Will no one save him?! I will!Apparently Wilkinson has a very odd definition of what happiness is. If you are not happier when you are in a situation you prefer than when you are in a situation you do not prefer, than what is happiness? Now, whether that is reflected in actual choices is arguable. Setting aside whether people actually maximize utility, it seems tautological that people want to maximize utility. That is, they want to be in the situation they prefer the most.
The response--against which Wilkinson has no defense except to issue squidlike clouds of obfuscating ink--would be that Wilkinson believes that if he were to sacrifice his freedom for his happiness, that if he were to do so he would then look back on the choices he made and look ahead to his future life, and that he would be unhappy. If Wilkinson says otherwise--that he would look back on the choices he made and look ahead to his future life and be happy, but that he would still regret what he had done and wish he had done otherwise--Wilkinson is simply saying, "Baa baa buff." He would be demonstrating that he does not understand the rules of conversation using the English language.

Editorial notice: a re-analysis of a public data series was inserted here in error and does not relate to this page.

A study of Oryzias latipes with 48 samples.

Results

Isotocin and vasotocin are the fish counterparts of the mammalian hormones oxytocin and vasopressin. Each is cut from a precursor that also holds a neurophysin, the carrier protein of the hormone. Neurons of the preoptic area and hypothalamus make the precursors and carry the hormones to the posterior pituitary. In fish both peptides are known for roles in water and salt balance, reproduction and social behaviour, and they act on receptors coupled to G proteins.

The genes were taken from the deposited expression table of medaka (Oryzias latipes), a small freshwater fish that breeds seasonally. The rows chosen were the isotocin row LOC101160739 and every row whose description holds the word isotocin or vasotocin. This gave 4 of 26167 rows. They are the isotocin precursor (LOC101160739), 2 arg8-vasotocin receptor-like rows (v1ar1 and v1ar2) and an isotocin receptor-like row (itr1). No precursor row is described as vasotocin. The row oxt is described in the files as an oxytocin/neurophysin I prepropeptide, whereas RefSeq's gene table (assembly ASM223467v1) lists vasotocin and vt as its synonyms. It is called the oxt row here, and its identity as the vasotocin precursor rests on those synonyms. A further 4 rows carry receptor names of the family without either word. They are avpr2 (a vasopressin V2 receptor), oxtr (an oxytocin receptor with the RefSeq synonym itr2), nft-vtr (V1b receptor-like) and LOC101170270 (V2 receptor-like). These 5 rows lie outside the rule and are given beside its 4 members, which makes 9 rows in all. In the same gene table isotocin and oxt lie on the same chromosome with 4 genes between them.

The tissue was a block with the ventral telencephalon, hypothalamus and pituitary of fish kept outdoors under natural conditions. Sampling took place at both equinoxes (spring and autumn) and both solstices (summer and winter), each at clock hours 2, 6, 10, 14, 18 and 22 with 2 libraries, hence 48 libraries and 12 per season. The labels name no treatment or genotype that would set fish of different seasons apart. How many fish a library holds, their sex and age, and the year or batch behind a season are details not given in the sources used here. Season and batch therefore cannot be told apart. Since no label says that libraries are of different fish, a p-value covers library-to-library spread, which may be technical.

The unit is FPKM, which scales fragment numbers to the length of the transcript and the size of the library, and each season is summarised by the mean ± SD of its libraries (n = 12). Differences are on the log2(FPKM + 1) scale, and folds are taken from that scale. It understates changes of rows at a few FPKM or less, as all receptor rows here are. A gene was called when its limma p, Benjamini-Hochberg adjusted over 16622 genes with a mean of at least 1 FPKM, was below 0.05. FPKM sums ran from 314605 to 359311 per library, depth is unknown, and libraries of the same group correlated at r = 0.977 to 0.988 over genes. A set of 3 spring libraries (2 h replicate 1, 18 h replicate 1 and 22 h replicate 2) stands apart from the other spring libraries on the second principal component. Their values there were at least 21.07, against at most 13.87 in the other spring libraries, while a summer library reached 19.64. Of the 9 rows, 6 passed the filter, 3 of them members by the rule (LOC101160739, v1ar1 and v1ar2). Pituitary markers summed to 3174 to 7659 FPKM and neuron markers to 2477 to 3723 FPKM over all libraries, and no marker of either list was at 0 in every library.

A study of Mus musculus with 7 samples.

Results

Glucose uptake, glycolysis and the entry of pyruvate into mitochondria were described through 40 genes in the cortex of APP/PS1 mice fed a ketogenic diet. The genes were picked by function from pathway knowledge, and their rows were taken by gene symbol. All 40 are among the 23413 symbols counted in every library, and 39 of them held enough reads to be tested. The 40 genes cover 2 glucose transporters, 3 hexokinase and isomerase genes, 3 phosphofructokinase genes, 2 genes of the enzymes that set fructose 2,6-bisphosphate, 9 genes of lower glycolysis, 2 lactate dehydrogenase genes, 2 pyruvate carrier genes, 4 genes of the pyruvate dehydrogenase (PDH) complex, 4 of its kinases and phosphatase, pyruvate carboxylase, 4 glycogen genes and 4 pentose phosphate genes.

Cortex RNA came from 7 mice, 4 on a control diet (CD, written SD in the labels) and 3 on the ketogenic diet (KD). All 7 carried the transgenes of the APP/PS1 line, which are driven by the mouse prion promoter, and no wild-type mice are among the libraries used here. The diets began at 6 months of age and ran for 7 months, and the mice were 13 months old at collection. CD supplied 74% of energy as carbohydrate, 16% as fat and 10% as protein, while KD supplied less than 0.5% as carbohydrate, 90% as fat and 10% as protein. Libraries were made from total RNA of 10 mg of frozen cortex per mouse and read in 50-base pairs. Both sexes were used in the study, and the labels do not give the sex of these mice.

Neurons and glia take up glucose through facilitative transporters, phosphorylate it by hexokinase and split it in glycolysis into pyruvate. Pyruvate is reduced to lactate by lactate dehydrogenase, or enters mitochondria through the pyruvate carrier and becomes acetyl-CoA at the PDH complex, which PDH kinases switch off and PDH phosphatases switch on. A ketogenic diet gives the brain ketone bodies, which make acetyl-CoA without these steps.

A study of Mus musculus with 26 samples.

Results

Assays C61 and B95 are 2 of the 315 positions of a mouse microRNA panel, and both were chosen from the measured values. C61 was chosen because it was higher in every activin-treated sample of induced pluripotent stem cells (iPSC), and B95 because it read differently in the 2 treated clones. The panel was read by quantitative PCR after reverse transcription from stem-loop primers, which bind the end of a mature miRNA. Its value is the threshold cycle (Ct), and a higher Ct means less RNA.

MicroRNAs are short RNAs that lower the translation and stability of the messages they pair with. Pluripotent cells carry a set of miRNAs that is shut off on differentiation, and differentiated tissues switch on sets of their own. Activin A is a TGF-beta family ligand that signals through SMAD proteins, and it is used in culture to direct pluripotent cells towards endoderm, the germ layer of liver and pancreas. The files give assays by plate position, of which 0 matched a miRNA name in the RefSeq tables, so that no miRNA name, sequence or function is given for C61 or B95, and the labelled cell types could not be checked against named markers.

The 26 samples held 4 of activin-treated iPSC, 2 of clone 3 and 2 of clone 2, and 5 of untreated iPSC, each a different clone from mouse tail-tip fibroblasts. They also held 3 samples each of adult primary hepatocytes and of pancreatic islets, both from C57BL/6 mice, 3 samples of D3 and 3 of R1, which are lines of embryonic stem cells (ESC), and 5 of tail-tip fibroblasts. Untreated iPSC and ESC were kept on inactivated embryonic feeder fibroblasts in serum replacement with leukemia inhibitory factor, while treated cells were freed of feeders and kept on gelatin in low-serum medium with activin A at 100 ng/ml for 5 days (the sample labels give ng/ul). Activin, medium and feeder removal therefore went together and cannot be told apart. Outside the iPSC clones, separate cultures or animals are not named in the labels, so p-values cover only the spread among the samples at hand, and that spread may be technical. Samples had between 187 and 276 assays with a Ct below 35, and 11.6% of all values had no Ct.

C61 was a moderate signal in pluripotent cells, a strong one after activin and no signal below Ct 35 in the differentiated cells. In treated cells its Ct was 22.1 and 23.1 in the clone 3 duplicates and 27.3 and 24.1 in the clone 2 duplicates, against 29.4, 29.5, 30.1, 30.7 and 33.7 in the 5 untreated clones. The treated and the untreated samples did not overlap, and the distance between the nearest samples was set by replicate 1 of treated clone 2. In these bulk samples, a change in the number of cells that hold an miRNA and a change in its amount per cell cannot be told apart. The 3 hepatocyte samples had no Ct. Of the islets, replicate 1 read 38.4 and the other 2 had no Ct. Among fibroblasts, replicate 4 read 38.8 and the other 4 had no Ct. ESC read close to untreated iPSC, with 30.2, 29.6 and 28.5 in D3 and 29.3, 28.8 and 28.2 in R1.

Happiness--utility--plays a very special role in Bentham's philosophy. It is defined to be that which is maximized by the choices of a rational and reasonable person with enough time for reflection and sufficient information about the situation. To say "I would rather be unhappy and free than happy and a slave, and thus I have refuted Bentham" is to miss the point entirely.
UPDATE 6/23/05: Wilkinson's new post on the topic makes it clear that he doesn't understand what Delong is saying. Really this is just a misunderstanding of terms. Delong and I are referring to the economist's notion of utility, just a shorthand for preference satisfaction. Wilkinson and Bentham are using the hedonistic definition. But that doesn't excuse Wilkinson from ignoring the difference and not responding to Delong's argument.